Vita: Began to think and realized I came to the point that I'm not sure what the real correlation is of feet and leg skin with SARA. I believe that this is a cause of acidosis. Discomfort and poor housing (short beds) leads to less feed intake, poor appetite and sorting. From the other hand it can be consequence of very bad general health due to acidosis and came from too long laying down.
Thoughts by Joep Driessen
You are right: bad beds makes bad things happen with hock skin.
In order of importance (best guess based on experience only...)
Acidosis kills rumen bacterias. Toxins come free in the rumen. Get absorbed in the blood vessels. Toxins ruin the endothelial cells (inside layer of blood vessels).
When you put pressure on these vessels they start leaking blood under the skin. This happens in the hocks only in combination with hard beds!
And under the claw sole : Laminitis! Only in combination with hard floor (concrete) and too much standing time (for example 3 or more hours waiting for milking).
Swollen hocks will also rub more over the hard stall floor and you get more hair loss.
1: hard stall floor
2: rough wood particles in bedding material( saw dust)
3: lameness: too much time (1 or more hours) resting on one side: bed sores
5: too short bed: legs half out of the bed
6: empty deep beds: hard back curvbis irritating skin
Thoughts by Jan Hulsen
The relation between ruminal acidosis and hock lesions is complex. Farmers often talk about it and I believe that their observations are correct: episodes with symptoms of ruminal acidosis often come with an increase of swollen hocks. Probably because the beds are quite hard and ruminal acidosis is the trigger to increase the impact of this on the hocks of the cows.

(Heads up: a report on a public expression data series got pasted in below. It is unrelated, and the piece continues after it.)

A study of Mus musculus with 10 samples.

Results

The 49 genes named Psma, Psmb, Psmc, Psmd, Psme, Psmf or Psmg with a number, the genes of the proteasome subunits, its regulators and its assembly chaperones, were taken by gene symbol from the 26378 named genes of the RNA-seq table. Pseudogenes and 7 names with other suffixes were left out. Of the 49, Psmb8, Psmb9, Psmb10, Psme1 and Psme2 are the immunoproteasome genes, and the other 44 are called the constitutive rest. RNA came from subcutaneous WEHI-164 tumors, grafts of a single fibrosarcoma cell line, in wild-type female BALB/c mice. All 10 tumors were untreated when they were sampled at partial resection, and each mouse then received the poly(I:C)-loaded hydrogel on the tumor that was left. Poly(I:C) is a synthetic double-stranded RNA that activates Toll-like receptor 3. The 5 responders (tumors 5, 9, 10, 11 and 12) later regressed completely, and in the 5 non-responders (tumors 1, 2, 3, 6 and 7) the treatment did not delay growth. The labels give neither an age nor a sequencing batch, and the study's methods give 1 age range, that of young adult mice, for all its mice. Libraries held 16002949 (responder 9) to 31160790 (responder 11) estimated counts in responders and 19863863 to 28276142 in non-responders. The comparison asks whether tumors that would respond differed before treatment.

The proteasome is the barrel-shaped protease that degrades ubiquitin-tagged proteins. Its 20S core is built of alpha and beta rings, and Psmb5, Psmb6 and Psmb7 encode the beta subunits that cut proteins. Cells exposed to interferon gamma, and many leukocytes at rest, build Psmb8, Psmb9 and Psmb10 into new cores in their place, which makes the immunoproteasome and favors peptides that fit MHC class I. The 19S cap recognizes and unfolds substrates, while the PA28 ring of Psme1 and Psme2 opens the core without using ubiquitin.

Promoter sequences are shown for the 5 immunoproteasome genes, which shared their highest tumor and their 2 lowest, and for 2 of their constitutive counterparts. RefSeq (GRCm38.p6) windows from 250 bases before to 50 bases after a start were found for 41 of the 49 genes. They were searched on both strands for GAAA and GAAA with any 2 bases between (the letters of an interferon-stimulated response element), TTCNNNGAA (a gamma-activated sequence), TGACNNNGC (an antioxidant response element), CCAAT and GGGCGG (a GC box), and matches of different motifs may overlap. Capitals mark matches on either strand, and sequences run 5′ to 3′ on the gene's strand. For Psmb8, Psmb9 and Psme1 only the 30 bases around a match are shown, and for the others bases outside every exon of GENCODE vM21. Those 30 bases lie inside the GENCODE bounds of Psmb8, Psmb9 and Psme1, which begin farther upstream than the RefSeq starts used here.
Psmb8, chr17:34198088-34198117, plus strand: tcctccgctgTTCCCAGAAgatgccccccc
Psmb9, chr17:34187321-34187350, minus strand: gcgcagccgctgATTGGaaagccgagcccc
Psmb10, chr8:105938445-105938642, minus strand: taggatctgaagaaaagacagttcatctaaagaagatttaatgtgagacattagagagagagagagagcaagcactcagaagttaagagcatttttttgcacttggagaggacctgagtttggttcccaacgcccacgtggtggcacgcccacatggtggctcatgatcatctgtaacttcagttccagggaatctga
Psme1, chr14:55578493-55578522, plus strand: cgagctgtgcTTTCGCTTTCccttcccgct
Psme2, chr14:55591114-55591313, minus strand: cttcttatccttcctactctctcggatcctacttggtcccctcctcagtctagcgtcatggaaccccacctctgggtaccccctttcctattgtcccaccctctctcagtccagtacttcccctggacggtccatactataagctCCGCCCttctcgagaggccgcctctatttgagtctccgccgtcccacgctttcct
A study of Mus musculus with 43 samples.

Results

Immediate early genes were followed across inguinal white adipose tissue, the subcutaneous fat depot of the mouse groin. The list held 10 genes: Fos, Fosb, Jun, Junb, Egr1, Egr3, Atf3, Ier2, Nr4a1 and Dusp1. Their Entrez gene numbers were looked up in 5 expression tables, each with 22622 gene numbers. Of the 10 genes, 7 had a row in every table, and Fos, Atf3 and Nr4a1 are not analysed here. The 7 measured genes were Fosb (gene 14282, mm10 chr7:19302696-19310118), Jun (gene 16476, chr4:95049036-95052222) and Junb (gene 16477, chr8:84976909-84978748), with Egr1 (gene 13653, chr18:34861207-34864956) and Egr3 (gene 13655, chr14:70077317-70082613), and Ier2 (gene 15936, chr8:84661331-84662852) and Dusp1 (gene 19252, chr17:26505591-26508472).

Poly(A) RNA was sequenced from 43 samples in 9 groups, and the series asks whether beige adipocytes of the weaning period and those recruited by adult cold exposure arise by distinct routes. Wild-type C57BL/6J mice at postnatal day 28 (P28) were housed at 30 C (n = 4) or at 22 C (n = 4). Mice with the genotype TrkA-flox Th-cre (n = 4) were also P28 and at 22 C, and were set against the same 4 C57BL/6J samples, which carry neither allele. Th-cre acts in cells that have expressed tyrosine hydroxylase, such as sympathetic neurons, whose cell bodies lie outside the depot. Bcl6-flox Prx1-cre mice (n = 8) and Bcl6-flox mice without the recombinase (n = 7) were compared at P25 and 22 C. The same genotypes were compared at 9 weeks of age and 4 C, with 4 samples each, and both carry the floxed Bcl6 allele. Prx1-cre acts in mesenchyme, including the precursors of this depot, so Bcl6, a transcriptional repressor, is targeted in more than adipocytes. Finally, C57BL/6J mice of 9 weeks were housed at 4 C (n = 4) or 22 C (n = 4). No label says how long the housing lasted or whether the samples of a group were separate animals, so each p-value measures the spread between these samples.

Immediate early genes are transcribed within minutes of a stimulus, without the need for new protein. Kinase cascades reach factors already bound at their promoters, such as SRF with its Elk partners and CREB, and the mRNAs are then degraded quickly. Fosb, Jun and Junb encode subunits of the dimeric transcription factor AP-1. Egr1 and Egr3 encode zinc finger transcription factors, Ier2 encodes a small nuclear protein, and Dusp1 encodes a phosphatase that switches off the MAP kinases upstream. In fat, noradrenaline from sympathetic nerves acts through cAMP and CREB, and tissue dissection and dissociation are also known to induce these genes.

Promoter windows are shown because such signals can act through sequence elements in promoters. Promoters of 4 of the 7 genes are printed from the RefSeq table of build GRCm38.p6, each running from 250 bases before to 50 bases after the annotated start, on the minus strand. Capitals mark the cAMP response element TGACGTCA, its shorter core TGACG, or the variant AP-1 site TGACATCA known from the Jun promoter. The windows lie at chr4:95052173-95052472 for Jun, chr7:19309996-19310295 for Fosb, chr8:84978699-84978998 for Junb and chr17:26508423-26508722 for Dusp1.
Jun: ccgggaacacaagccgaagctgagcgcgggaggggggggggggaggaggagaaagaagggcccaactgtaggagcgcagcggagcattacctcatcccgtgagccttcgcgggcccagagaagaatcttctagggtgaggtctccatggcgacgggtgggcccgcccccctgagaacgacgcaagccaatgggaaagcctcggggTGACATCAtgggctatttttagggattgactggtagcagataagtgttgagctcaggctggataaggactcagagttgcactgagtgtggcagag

The mechanism Joep describes, histamin release due to endotoxins which causes higher vulnerability of capillary blood vessels, is a hypothesis and makes sense. But there are more possible reasons, that can contribute:
Ruminal acidosis also leads to loss of body condition score, which decreases the fat cushions in the claws and makes the claws more vulnerable for solar hemorrhages (a symptom of laminitis). Solar hemorrhages are very painful, so the cows ly down for longer periods, which increases the load on the hocks. It is often cows with low bcs that show thick hocks. Perhaps the fact that in these cows there is also hardly any fat under the skin of the hock and that their lying position puts more load on the hocks, increases the risk for thick hocks.
Often cows with ruminal acidosis also have lower resorption of minerals, trace elements and vitamins. This reduces the quality of the hoof horn and might increase the sensibility for laminitis.
On top of this, cows with ruminal acidosis more often have ketosis, which again reduces the quality of the hoof horn and might increase the length of lying bouts (episodes of lying).
And last but not least: the risk group for ruminal acidosis are cows in the first weeks of lactation. These animals have a lot of stress and often show increased standing times (more load = more hoof problems = more hock problems). Plus these animals often have subclinical hypocalcemia, which might reduce the quality of the hoof horn.
On the photo, the coronary band looks quite red and a little swollen. This can be a sign of laminitis but also of infectious hoof problems (digital dermatitis, heel horn erosions). This needs to be checked.
My first impression is that the beds are very rough and quite hard. Did you do the back-of-hand-rub-test to test for roughness? Did you do the knee-test to test for hardness? I always ask the farmer and farm staff to join me in these tests.
When cows have soft and comfortable beds, there are very little hoof and hock problems even with ruminal acidosis.